Arizona Wildcats quarterback Javelle Allen can’t complain too much about having to be patient.
There he was after a recent practice, staying late, practically the last guy off the field, working on his passing.
Admirable, yes. He has to be ready. He’s next up. But, even he admits, he might have been more ready — shoot, he might be the starter right now — if a lack of conditioning hadn’t dogged him through spring.
“I could have been working on the stuff I’m working on now back in the spring,” he said.
Instead, he was focusing on getting in shape rather than his passing technique. Allen, 6-foot-2, dropped from about 230 pounds in the spring to 217 and has, in coach Rich Rodriguez’s words, “closed the gap” on struggling starter B.J. Denker.
“I think I started at the bottom, way at the bottom,” Allen said.
“To me, that was something to thrive on. It was like, ‘OK, I’m at the bottom and I’m going to work to get to the top.’”
He’s not there yet. Maybe soon. Only Rodriguez knows for sure how long he’s going to let it ride with Denker if things start going south tonight at USC (7:30 p.m., Fox Sports 1) in the Trojans’ first game after coach Lane Kiffin was let go and replaced by defensive line coach Ed Orgeron.
Allen, a redshirt freshman, has only had mop-up time so far, through three easy non-conference victories and the lousy-weather 31-13 loss at Washington. He is 0-for-1 passing with a 61-yard touchdown run late in the NAU game.
“He’s probably the best runner of the whole group,” Rodriguez said, talking about his five eligible quarterbacks. “He can make all the throws. He just doesn’t have the experience yet.”
Through scrimmages and limited views of practice, there is no public evidence that Allen is a better passer than Denker. He’s said he’s working on his footwork, getting a good base underneath him, knees bent … and then driving the ball to his receivers.
“They have come a long way,” he said of his throwing mechanics.
Allen was a late bloomer in high school. He transferred to Prosper (Texas) High after his sophomore year and didn’t throw much as a junior before the team went to a spread offense in his senior season. He passed for 2,347 yards and 30 touchdowns, running for 1,539 yards and 22 touchdowns in 2011.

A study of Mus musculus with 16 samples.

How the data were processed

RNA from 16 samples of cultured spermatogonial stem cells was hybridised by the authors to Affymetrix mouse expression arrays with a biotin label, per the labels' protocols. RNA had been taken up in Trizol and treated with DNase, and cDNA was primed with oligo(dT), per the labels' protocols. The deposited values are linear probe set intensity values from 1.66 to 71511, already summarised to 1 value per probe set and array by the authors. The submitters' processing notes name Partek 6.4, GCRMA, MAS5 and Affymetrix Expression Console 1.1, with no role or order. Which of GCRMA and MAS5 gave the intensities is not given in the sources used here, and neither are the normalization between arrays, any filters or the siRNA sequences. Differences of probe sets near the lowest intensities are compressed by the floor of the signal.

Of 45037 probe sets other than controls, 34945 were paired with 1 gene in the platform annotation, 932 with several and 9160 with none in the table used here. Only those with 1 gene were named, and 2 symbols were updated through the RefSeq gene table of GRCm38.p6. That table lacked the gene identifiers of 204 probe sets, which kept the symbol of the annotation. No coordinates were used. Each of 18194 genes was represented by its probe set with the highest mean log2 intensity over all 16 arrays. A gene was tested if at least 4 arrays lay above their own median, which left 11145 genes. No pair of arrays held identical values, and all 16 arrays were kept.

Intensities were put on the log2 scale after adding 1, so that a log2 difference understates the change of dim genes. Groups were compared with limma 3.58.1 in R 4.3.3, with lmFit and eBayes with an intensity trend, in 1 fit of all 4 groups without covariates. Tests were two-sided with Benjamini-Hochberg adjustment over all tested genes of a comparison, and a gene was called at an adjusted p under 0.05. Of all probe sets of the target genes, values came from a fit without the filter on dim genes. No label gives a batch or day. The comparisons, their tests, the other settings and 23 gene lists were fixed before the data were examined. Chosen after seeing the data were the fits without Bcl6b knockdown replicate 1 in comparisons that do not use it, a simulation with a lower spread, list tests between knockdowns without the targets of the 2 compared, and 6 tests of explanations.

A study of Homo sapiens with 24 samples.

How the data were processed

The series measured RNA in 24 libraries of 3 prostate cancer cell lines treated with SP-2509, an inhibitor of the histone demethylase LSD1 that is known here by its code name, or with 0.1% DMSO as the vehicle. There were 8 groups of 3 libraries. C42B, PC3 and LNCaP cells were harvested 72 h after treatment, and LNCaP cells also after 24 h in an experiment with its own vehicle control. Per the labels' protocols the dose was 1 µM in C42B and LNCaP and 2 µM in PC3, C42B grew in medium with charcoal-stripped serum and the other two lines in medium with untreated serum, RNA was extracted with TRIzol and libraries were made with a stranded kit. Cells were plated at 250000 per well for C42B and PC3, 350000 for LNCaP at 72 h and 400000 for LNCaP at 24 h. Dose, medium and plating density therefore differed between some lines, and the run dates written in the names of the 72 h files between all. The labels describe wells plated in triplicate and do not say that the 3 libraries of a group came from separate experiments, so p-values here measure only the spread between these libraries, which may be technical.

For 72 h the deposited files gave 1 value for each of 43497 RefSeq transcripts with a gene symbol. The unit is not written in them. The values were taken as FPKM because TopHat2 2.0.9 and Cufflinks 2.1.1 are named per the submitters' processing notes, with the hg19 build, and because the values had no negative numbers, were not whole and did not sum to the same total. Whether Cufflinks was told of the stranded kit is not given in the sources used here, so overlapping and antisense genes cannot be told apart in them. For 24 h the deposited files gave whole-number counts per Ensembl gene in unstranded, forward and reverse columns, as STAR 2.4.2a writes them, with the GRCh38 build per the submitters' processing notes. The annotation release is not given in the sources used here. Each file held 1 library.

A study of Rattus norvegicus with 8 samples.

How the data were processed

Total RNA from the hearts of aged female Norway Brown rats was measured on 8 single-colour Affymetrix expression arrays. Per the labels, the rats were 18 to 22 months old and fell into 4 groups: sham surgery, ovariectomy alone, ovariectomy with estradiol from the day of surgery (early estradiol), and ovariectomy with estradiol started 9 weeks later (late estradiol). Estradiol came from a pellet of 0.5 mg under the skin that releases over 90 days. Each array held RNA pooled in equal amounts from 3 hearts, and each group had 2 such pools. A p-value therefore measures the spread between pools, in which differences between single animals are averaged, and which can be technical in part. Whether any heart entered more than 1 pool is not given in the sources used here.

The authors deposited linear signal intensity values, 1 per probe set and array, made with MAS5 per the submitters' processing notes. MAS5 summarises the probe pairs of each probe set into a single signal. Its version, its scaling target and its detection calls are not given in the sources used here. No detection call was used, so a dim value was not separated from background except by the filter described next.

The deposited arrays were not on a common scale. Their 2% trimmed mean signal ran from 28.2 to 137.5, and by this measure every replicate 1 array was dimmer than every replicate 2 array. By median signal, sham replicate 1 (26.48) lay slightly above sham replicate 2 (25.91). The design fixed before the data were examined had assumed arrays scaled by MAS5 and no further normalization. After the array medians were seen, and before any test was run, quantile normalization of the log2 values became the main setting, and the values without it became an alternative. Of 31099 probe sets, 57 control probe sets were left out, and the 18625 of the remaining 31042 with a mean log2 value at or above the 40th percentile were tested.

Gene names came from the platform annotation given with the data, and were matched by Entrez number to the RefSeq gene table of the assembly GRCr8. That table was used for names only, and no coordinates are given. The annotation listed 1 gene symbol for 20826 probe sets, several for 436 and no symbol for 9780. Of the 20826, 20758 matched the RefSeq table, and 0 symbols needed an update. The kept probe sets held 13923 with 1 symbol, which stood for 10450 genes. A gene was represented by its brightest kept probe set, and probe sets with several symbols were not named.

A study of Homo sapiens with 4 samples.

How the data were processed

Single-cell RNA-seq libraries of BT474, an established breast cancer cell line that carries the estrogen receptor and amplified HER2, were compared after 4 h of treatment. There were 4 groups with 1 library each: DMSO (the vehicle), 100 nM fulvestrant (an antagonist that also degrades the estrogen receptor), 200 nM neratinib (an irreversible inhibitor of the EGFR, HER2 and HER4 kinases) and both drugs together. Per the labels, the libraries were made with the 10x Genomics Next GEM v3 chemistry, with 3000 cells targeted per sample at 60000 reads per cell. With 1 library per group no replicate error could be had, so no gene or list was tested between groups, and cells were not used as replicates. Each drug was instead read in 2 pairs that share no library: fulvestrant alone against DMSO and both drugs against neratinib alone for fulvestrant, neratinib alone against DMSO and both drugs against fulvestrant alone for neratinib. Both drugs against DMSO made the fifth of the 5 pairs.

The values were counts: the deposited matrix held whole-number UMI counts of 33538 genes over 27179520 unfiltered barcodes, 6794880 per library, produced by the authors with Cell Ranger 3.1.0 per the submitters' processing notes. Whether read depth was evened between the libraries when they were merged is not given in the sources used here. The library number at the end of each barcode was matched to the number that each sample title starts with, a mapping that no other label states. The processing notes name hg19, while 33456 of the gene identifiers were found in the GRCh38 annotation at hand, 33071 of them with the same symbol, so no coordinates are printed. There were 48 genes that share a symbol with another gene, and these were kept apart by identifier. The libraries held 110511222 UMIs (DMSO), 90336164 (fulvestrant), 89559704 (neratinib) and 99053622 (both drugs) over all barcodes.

By then, he was a three-star recruit, although he developed so late that most of the top colleges already had their quarterbacks lined up. Not Rodriguez, who was cobbling together his first Arizona recruiting class. Quarterbacks coach Rod Smith, who spent 2011 at Indiana, had scouted Allen for the Hoosiers.
“In regard to why he got overlooked, he didn’t have great junior numbers,” Prosper High coach Kent Scott told TucsonCitizen.com in 2012.
“With our offense, we were putting him in position to take advantage of the skills he’s got. We had been very multiple and got sidetracked on some triple-option stuff, some flexbone, from the Pistol. It just didn’t lend itself to throwing the football.
“He’s a great runner, but we just weren’t utilizing him the way he was capable of being used. He is truly a dual-threat quarterback.”
Allen laughed when it was suggested to him that the backup quarterback is often the most popular guy on the team. Even though nobody has seen him take a meaningful snap at Arizona, there is hope that he can save the day — if the day needs saving.
He wasn’t ready to do so before.
He might have to be ready as soon as tonight.